While a name change is in the offing, the legacy of the Fillies will forever be secure at Iola High School, former principal Don Bain said Friday.
Bain, who was instrumental in introducing girls sports to IHS back in the 1970s, gathered with several members of the first-ever IHS girls basketball team from the 1974-75 school year Friday.
They were special guests of the current Iola Fillies squad, and appeared on court with the basketball team before Friday night’s contest against Burlington.
Before that, the Fillies alum gathered for a round-table discussion, along with Bain and former coaches Van Thompson, Mary Lacy and Nancy Yokum, who had the honor of coaching the inaugural Fillies squad.
They shared stories of the difficulties associated with getting girls sports off the ground, dealing with substandard practice conditions, and the support they received from others around the school.
The visit comes months after USD 257 Board of Education members agreed with a proposal to change the moniker for Iola’s girls teams to Mustangs, starting in the fall of 2021.
“The Fillies name will always be a legacy,” Bain said, in response to a question about the historical significance of the team’s name. “There were too many girls who participated under that name. All of their friends and all of their relatives are going to remember them as a Filly. That’s the way it ought to be.”
BAIN spoke about getting the program started.
While girls athletics had begun to take root elsewhere, and later mandated through Title IX legislation, Iola High School still had only offered boys athletics up through the 1973-74 school year.
But Bain was hearing from others — especially his mother — that girls deserved a spot on the playing field.
“It was my mother’s fault,” he joked. As the parent of three daughters, Bain said his mother encouraged him to introduce girls sports.
Bain ultimately agreed. He visited with the school board, then with others around town, including Hugh Haire at Allen County Community College.
All agreed: it was time.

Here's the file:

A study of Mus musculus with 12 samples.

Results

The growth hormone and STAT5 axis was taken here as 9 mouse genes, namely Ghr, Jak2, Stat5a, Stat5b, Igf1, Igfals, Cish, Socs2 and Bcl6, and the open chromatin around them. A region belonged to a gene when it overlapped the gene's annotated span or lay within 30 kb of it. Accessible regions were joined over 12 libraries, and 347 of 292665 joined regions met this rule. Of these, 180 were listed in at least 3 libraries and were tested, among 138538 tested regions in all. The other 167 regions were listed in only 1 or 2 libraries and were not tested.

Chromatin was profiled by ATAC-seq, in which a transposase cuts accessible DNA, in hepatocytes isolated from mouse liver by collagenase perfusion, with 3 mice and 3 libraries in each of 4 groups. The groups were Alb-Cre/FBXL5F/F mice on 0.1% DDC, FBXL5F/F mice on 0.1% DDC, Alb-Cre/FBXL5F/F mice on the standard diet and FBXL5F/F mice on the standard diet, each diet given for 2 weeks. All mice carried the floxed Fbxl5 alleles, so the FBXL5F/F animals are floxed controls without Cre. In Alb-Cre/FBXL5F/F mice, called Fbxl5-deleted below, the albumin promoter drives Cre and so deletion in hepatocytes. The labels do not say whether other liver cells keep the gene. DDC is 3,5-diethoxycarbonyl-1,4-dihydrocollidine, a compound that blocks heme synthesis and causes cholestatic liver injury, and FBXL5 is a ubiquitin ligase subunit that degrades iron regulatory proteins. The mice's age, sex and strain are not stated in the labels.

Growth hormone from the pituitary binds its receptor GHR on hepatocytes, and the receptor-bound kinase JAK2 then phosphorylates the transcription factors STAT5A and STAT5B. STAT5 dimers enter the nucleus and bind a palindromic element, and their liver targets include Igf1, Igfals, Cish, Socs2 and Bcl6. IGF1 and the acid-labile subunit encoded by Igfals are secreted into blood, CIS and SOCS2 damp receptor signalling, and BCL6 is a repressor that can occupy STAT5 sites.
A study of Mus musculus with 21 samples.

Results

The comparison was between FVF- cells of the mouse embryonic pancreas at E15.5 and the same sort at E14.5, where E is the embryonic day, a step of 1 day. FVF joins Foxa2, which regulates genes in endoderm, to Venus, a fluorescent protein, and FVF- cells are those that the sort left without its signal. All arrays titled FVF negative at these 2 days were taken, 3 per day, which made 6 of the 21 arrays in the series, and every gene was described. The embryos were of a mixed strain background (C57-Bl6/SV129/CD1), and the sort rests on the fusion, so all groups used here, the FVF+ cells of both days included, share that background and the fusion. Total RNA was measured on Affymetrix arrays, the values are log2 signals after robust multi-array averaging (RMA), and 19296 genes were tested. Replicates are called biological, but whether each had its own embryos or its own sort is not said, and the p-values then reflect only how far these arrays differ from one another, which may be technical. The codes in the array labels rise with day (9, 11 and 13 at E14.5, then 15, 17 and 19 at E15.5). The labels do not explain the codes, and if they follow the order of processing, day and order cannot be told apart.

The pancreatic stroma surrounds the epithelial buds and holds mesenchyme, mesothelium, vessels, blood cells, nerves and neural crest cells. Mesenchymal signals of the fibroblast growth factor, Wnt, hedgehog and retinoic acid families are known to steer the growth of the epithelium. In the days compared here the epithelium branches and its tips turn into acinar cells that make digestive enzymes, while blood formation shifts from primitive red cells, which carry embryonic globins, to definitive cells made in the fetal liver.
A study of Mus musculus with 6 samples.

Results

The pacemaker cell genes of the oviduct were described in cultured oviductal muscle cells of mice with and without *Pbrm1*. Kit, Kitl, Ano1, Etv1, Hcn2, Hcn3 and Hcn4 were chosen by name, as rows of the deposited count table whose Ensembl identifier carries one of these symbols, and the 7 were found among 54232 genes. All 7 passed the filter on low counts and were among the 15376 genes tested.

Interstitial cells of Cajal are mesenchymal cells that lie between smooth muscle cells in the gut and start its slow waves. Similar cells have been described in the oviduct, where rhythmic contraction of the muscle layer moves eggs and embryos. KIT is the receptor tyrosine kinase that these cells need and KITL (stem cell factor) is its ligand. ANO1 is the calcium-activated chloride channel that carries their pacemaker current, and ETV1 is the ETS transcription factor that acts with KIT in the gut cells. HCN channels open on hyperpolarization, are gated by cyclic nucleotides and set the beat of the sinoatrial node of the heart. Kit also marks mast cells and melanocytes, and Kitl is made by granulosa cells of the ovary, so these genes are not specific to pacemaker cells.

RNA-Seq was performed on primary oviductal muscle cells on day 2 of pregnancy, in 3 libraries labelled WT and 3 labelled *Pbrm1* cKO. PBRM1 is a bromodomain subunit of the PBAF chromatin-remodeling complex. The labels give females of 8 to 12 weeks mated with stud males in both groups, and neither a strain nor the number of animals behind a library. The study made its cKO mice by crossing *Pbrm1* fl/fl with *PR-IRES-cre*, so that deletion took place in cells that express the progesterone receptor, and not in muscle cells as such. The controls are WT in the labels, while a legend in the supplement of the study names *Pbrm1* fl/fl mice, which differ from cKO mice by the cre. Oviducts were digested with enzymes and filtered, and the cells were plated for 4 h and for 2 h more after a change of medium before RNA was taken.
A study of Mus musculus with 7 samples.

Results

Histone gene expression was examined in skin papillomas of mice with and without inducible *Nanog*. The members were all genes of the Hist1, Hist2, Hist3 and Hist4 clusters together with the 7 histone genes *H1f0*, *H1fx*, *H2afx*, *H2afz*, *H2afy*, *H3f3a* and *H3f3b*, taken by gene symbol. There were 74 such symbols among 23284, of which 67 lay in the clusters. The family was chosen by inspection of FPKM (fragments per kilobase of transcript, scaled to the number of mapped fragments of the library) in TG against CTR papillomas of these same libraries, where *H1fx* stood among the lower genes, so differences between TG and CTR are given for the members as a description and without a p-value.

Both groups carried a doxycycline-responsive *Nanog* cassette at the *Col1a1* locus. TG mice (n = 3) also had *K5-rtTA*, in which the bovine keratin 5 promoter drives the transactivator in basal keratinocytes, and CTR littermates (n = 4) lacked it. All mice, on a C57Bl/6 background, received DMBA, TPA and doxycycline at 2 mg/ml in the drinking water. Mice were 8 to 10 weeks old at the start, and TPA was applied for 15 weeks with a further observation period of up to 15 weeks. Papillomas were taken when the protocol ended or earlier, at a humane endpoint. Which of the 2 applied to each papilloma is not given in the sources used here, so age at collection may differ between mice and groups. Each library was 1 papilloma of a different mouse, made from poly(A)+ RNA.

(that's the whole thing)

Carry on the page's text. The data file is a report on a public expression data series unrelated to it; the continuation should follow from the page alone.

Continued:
Nan Yokum, who was teaching physical education at the time, was tapped as the first girls basketball coach.
Laura Caillouett-Weiner served as team manager for the inaugural girls team. Caillouett-Weiner recalled the decision-making surrounding the team name.
“We were told, ‘this is your time. You don’t have to be the Mustangs. You can be the Fillies. You can be what you want to be,’” she said. “The Fillies name was suggested, and we thought, ‘OK, sounds good.’”
“I don’t know that there was any controversy in deciding” a name different from the Mustangs, Bain agreed.
THERE WERE early struggles.
“We had just started, and you could tell it on the floor,” Bain said.
But what they lacked in experience, they made up for with effort and teamwork, Yokum said.
While ending the season with a 4-9 record, the average margin of defeat with a scant 4.8 points, Yokum said.
The team dealt with substandard practice conditions. Most practices were in the school’s damp basement — the location of the school gymnasium. Water frequently accumulated in pools directly underneath the basketball goals.
Yokum shared an old Register article detailing other challenges.
“Students joke about the cockroaches that crawl out of their gym baskets, the rainwater water that seeps down the walls, the bumps of elbows trying to dress in a stuffy crowded room … but the situation isn’t funny.”
Michelle Specht recounted taking a tumble on the wet floor once at practice. What she thought was a sprained ankle turned out to be broken.
“I worried every day about somebody doing damage,” Yokum said.
Other issues were a bit more trivial.
Bain recalled one of the players taking a pet frog on the team bus once, only to have the frog die along the way.
“Nancy had to deal with that one,” he chuckled.
But as the team grew more experienced, it improved immensely.
By the end of year two, the Fillies had tied for the league championship, Yokum said.
Mary Lacy, who served as an assistant coach in the early years, lauded the pioneers in women’s athletics.
“The biggest goal Nan and these girls accomplished, was they made it OK for you girls to show people women can be athletes.”
“Successful athletes,” current girls coach Becky Carlson added.
SPECHT, who retired three years ago as a teacher in Chanute, offered some advice for the high-schoolers.
“Forty-five years from now, or even 15 or 20 years, nobody is going to remember you played basketball, or who was the highest point scorer, or whether you sat on the bench or were the leading rebounder. Nobody remembers those things. I don’t even know if we remember that about each other.
“What they are going to remember is what kind of person you were,” she continued. “Were you caring and respectful to your teammates and to other people in the building? Did you do the things you said you were going to do? Were you honest and respectful, even when nobody else was looking? Did you do the right thing?”
“It’s not about the points,” added Caillouett-Weiner, who teaches second grade at Jefferson Elementary. “It’s the bonds and friendships you make, with Coach and the administrators. I thank Nan and I thank Don for the ability to build those bonds and the lasting friendships.”
FRIDAY’S reunion was the brainchild of former Iolan Earl McIntosh, who organized a similar reunion during the football season for the 1942 and 1948 Mustang squads.